Marielle Dubbeling is Director of the RUAF Foundation – a global network of organisations that together constitute a leading centre of expertise in urban agriculture and city region food strategies. The RUAF Foundation works to develop more sustainable and resilient cities.
Urbanisation is rapidly taking over many regions of the world. By 2017 the majority of people worldwide will be living in an urban environment, including a huge proportion of people in less developed countries. Rapid urbanisation can cause many problems, including poverty and food insecurity, which can make it harder for citizens to eat a healthy diet.
This is alarmingly apparent in New York City where about 58% of adults are overweight or obese. Even in the Global South, people are eating more sugar, fats, oils and animal products. Given that World Cancer Research Fund International’s analysis of global research shows that being overweight or obese increases the risk of 10 cancers – and the McKinsey Global Institute estimates that excess weight and obesity comes at a price tag of US$2 trillion in global healthcare costs – it is essential that policymakers take action to improve the diets of people living in towns and cities.
Improving diets in urban areas
Policymakers need to do more to promote healthy and sustainable diets that don’t harm the environment and provide fair prices to food producers. As well as enhancing access to such food at affordable prices – especially in areas that lack healthy food outlets and have limited resources – healthy consumption can be promoted through public procurement and in schools and hospitals. Governments also need to support local agriculture to produce fresh fruits and vegetables in and around urban areas.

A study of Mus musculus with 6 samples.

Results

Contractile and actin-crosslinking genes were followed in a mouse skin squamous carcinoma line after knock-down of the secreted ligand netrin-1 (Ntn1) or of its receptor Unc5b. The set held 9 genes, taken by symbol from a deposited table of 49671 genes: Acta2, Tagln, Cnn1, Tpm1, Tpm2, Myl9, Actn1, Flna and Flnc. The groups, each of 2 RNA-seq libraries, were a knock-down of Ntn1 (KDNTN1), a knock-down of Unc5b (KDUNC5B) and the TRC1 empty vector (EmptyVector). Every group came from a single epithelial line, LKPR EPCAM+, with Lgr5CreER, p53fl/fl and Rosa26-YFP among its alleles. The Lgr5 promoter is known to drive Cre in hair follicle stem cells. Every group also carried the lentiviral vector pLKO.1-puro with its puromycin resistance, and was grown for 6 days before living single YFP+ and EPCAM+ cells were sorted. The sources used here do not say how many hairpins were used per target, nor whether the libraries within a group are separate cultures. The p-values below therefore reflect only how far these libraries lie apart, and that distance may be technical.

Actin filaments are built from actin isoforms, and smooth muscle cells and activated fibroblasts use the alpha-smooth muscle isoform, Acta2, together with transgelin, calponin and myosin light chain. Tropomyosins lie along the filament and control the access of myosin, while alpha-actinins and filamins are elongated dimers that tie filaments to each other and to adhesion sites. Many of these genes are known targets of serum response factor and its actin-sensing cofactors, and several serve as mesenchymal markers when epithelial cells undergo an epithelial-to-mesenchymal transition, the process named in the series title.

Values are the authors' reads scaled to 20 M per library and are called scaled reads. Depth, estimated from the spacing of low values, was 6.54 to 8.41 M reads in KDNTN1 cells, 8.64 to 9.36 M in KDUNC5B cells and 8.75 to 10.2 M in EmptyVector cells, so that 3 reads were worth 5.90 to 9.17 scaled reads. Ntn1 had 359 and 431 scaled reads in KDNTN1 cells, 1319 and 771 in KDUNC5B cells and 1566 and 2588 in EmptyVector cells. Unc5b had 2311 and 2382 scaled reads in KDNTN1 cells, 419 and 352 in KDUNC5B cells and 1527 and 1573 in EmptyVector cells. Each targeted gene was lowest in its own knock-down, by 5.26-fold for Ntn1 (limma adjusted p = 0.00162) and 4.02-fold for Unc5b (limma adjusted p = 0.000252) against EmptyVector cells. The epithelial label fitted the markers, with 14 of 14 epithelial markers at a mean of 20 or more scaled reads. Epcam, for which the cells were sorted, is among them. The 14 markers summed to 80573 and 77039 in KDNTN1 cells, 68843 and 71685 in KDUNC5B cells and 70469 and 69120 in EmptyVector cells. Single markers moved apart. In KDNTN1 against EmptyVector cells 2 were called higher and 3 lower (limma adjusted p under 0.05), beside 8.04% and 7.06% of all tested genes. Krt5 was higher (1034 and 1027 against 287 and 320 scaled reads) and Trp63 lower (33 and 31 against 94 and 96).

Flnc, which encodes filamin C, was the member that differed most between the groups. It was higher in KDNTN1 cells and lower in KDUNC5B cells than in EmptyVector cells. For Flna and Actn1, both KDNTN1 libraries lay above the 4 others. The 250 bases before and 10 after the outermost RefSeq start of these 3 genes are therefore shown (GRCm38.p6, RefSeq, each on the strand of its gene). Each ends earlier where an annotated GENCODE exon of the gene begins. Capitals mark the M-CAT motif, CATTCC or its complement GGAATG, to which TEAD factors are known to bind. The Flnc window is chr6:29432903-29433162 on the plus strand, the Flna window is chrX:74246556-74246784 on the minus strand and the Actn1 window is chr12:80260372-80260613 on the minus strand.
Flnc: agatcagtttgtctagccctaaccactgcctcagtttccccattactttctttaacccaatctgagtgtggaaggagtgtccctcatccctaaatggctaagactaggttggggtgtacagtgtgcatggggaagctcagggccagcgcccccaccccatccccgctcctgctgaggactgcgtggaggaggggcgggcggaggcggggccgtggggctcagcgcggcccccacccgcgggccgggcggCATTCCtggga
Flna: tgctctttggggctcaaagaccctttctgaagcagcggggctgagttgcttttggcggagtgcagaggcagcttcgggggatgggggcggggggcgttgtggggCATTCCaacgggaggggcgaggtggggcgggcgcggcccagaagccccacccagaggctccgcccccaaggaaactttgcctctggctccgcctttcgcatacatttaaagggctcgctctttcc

The role of urban agriculture
Urban agriculture ensures that crops are grown and animals are raised in and around cities so that they form an integral part of the urban ecosystem. It also creates jobs for members of the urban population, utilises public and private land within cities along with resources such as urban wastewater and organic waste. Encouraging this not only allows better access to nutritious food, it also provides solutions to other problems of urbanisation by providing income opportunities and reducing waste.
Many governments are already taking action to improve urban food systems. For example, since 1994, Belo Horizonte in Brazil operates a successful public eatery offering healthy, balanced meals at very low cost to a large number of the city’s population. These so-called “popular restaurants” are serving more than 20,000 healthy and balanced meals a day for just US$1.20.
Another good example is found in the city of Ghent in Belgium which promotes “veggie Thursdays”, where residents are encouraged to eat as a vegetarian each Thursday to limit meat consumption, in an effort to make their diets more environmentally friendly. This involves schools and public sector organisations providing only vegetarian meals, and restaurants having special deals on vegetarian dishes.
As for urban agriculture, the city of Dakar in Senegal promotes micro-gardens (a soil-free farming system) to enrich peoples’ diets with fresh vegetables; this allows vegetables to be grown within the urban landscape, for example on rooftops, and also provides a way of recycling various urban waste materials.
Milan Urban Food Policy Pact
The City of Milan has taken the initiative to advocate an international Urban Food Policy Pact that acknowledges that cities – which collectively host over half the world’s population – have a strategic role to play in developing sustainable food systems and promoting healthy diets and improved urban environments.
The Pact, which engages a growing number of world cities, recommends a number of actions including: the promotion of sustainable diets; addressing diseases associated with poor diets; developing sustainable dietary guidelines; making sustainable diets accessible in public institutions; reorienting school feeding and public procurement programmes; promoting urban agriculture and encouraging joint action by the health, food and business sectors amongst others.
More than 100 cities involved
To date, 109 cities have contributed to the development of the Pact – and the accompanying Framework for Action – and have been invited to sign both documents in Milan today (15 October 2015). I would like to call on these and other cities to not only sign the Urban Food Policy Pact, but also commit to its operationalisation.
We should further monitor their actions and related impacts, continue to share good practice and engage civil society, private sector and governments in joint action to create better urban food policies.